The North Wind

The North Wind


Lily Gouin April 19, 2024

More should be done to protect us from BPA

Often, television news attempts to scare us with larger-than-life issues. Local news, especially, berates us with short commercials that tell us something that might directly affect us health-wise and then encourages us to learn about it on their show at six or 11.

Personally, I’ve become sort of numb to all the talk of health risks from the lining of pots and pans and the long-term adverse health affects of keeping cell phones in our pockets.

So, a few days ago, when I scanned the headlines of and saw that they were doing a report on five chemicals that may be harmful to us, I was skeptical. How harmful were these chemicals, really?

Tom Cory / NW

Then I saw the description of a chemical called Bisphenol A (BPA). The Center for Disease Control and Prevention found BPA in the urine of 93 percent of the people it tested. Which means, in essence, almost all of the people reading this sentence are infected.


BPA is called a “chemical of concern” by the Environmental Protection Agency (EPA) and is found in water bottles, the lining of metal food and infant formula cans, plastic food containers and baby bottles. Humans are exposed to low levels of it over time as they use these products.

BPA is an endocrine disruptor, which means it can mimic the effects of hormones in the body and disrupt their function. This could lead to negative health affects, as the endocrine system is very sensitive.

The EPA has set a level of how much exposure humans can have to this chemical and still be safe.

Yet many studies over the past decade have shown that lab animals exposed to similar levels of Bisphenol A have higher rates of diabetes, neurological problems, mammary and prostate cancers, decreased sperm count, early puberty and obesity.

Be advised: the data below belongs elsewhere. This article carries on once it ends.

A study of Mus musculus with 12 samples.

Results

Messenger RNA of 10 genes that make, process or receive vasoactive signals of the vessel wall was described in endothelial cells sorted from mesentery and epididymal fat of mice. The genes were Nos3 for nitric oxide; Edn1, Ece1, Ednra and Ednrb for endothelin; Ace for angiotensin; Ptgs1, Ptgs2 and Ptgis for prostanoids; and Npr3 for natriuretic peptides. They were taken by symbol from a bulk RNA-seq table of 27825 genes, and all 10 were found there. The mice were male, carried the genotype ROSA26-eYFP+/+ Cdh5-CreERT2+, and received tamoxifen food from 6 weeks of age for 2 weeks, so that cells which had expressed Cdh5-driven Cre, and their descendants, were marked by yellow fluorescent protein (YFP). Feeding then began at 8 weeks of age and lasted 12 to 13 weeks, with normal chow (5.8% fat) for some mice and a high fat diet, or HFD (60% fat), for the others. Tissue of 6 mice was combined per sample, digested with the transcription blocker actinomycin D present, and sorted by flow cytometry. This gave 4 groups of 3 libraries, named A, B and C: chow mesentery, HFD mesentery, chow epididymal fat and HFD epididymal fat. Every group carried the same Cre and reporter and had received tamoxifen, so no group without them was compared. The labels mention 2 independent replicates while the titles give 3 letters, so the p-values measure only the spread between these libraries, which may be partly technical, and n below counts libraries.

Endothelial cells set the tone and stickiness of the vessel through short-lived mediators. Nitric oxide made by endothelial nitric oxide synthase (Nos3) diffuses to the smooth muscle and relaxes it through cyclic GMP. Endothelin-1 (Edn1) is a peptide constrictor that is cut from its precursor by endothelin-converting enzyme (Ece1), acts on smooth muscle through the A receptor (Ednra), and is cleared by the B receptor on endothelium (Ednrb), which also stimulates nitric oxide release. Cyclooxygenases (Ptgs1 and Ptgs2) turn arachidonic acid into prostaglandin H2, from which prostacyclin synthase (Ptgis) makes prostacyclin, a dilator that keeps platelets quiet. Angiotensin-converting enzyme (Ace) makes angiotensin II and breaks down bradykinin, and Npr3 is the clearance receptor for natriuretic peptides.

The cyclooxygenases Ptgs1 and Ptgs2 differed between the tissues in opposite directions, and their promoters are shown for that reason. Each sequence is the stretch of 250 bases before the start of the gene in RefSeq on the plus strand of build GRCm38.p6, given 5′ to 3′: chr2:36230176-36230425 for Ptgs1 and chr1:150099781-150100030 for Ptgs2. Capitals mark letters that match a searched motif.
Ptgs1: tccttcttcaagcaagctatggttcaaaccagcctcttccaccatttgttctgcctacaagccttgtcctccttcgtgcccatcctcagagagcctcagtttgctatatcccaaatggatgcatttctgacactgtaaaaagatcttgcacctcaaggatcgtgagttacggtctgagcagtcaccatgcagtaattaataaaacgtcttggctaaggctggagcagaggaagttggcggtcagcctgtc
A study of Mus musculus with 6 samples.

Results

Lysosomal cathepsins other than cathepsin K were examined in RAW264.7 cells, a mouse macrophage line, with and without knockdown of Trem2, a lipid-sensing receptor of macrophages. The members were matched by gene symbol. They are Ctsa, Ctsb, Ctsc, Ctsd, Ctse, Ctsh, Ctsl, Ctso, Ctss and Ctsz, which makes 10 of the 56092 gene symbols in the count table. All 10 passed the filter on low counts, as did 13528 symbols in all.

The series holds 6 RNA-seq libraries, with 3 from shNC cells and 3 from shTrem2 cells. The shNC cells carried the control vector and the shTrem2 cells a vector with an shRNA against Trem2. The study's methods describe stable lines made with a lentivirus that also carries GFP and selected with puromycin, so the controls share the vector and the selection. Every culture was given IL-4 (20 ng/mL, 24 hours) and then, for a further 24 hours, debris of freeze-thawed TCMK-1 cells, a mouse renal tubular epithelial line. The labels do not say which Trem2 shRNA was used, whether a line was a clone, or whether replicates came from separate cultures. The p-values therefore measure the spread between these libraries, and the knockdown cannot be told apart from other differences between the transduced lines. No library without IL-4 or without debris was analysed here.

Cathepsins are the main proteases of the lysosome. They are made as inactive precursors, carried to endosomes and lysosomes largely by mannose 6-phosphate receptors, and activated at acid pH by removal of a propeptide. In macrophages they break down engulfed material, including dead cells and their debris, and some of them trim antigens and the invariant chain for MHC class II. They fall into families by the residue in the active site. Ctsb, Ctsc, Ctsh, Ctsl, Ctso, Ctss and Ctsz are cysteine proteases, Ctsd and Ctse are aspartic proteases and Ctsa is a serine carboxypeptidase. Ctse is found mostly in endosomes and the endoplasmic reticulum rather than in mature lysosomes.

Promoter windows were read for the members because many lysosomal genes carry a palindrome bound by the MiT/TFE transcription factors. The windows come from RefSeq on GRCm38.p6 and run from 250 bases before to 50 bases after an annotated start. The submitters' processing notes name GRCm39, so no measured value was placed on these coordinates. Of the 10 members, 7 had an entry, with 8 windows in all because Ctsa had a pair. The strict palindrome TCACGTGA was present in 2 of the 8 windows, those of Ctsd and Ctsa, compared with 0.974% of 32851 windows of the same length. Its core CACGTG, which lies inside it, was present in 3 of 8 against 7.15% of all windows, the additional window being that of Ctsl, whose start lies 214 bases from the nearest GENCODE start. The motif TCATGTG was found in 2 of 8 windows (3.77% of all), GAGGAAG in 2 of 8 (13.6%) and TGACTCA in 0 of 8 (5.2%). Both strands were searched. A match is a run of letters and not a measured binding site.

For once, I’m glad to see that the scare tactics employed by 24 hour news networks and local news are actually warranted. The high rate of exposure to this chemical is extremely alarming. Once learning of this distressing phenomena, I was quick to research what was being done to protect us.

The Food and Drug Administration (FDA) did acknowledge the concern about the chemical in a January 2010 report, saying “the FDA shares the perspective … that recent studies provide reason for some concern about the potential effects of BPA.”

Yet FDA is neglecting to take steps to lower the rate of how much of this chemical can be exposed to humans, because the report also went on to say that there is too much variation in the studies which have been conducted to pursue an adequate course of action at this time.

It seems to me, though, that if so many Americans are already infected, the FDA should be acting quickly to help resolve this problem.

Regardless of the variation between studies, the fact remains that many of us have been exposed to this chemical.

This affects the individuals behind desks at the FDA as much as it does the readers of this column.